Celebrate Black Founders with a Musical Experience Presented by The Jeremy Winston Chorale, May 12April 18, 2023
Admission Includes Access to Black Founders: The Forten Family of Philadelphia Special Exhibition
Concert Will Be Held Live in Liberty Hall and Livestreamed Online
Join the Museum of the American Revolution for a live musical experience on Friday, May 12, 2023, at 6:30 p.m., presented by The Jeremy Winston Chorale and inspired by the Museum’s special exhibition, Black Founders: The Forten Family of Philadelphia. Featuring more than 20 Chorale members and led by composer and artistic director Jeremy Winston, the concert will celebrate the life of free Black Philadelphian James Forten and explore Philadelphia’s rich musical history through storytelling and song.
The evening will include the world premiere of a new Black Founders-inspired choral work composed by Winston, titled “Man of Colour,” as well as a showcase of both secular and religious music written by renowned African American composers from the American abolitionist movement through the early 20th century. The program also will feature songs by composer Francis “Frank” Johnson, James Forten’s famous contemporary, including “The Grave of a Slave,” which sets music to poetry written by Forten’s daughter, Sarah L. Forten.
Francis Johnson gave Philadelphia its rhythm in the early 1800s. Born in 1792, Johnson became well-known throughout the city as a talented fiddle player and was often invited to perform for both Black and white audiences alike. In 1818, Johnson became the first Black composer to have his work published as sheet music.
A selection of Johnson’s music is featured in our special exhibition, Black Founders: The Forten Family of Philadelphia, as Johnson was a friend and neighbor of the Fortens. At a listening station in the exhibit, guests can hear historically informed renditions of Johnson’s compositions, including a performance by The Jeremy Winston Chorale’s Candace Nicole Potts. Using instruments from the early 1800s, these recordings replicate what Johnson’s music might have sounded like in the streets, concert halls, and homes of Philadelphia during his lifetime.
Onsite tickets include day-of pre-event access to Black Founders from 11 a.m. – 6:15 p.m. and access to a cash bar prior to the event. The concert also will be livestreamed via Zoom, without intermission, from 6:30 – 8 p.m. Onsite tickets include Zoom access and are $30 for general admission or $25 for Museum Members. Online tickets are $15 for general admission or $10 for Museum Members. Tickets can be purchased here.
This program was made possible by Carole Haas Gravagno and The Pennsylvania Abolition Society.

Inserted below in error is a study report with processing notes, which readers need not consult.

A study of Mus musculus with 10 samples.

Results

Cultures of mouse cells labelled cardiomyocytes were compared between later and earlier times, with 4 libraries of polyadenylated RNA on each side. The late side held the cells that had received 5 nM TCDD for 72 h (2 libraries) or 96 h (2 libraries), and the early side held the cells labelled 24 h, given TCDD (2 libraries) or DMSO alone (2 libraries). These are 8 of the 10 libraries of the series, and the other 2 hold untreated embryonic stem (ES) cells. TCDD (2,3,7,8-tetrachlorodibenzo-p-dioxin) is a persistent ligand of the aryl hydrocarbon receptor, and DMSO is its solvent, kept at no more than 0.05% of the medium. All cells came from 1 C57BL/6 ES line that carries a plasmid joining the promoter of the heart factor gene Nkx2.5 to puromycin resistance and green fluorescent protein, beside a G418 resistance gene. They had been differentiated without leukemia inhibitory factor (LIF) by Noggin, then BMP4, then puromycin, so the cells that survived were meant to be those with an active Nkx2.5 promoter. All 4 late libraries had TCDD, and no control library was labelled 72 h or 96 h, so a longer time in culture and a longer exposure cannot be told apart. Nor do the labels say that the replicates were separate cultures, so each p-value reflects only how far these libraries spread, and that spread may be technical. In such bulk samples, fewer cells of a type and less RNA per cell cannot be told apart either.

About The Jeremy Winston Chorale
The Jeremy Winston Chorale International was founded in 2012 by prolific musician Jeremy Winston. Comprised of vocal powerhouses and hidden gems from across America, this outstanding ensemble has made an indelible mark in the music community as one of the nation’s foremost ambassadors of professional choral music. A true example of musical exceptionalism, the Chorale is adept at performing all genres of music — including the classics of the masters, the negro spirituals, gospel, and popular music — with commanding accuracy and musicianship. The Chorale released its critically acclaimed debut album Black Church in July 2022, hailed by many as a masterpiece celebrating the artistic ingenuity and contribution of the American Black Church. It is currently available to stream on all popular platforms. For the latest news and information about upcoming performances, visit www.jeremywinstonchorale.com.
About Black Founders: The Forten Family of Philadelphia
The Museum of the American Revolution’s groundbreaking special exhibition, Black Founders: The Forten Family of Philadelphia, brings together – for the first time – more than 100 historical artifacts to tell the inspiring story of free Black Philadelphian James Forten and his remarkable family, from the Revolutionary era through the Civil War and Reconstruction. Black Founders explores the Forten family’s roles in the Revolutionary War, business in Philadelphia, and the abolitionist movement from 1776 to 1876, including their roles in helping to start both the American Anti-Slavery Society and the Philadelphia Female Anti-Slavery Society in 1833. The exhibition runs until Nov. 26, 2023, and is open seven days a week from 11 a.m. – 5 p.m. Black Founders is included with regular Museum admission.
About Museum of the American Revolution
The Museum of the American Revolution uncovers and shares compelling stories about the diverse people and complex events that sparked America’s ongoing experiment in liberty, equality, and self-government. Through the Museum’s unmatched collection, immersive galleries, powerful theater experiences, and interactive elements, visitors gain a deeper appreciation for how this nation came to be and feel inspired to consider their role in ensuring that the promise of the American Revolution endures. Located just steps away from Independence Hall, the Museum serves as a portal to the region’s many Revolutionary sites, sparking interest, providing context, and encouraging exploration. The Museum, which opened on April 19, 2017, is a private, non-profit, and non-partisan organization. For more information, visit www.AmRevMuseum.org or call 877.740.1776.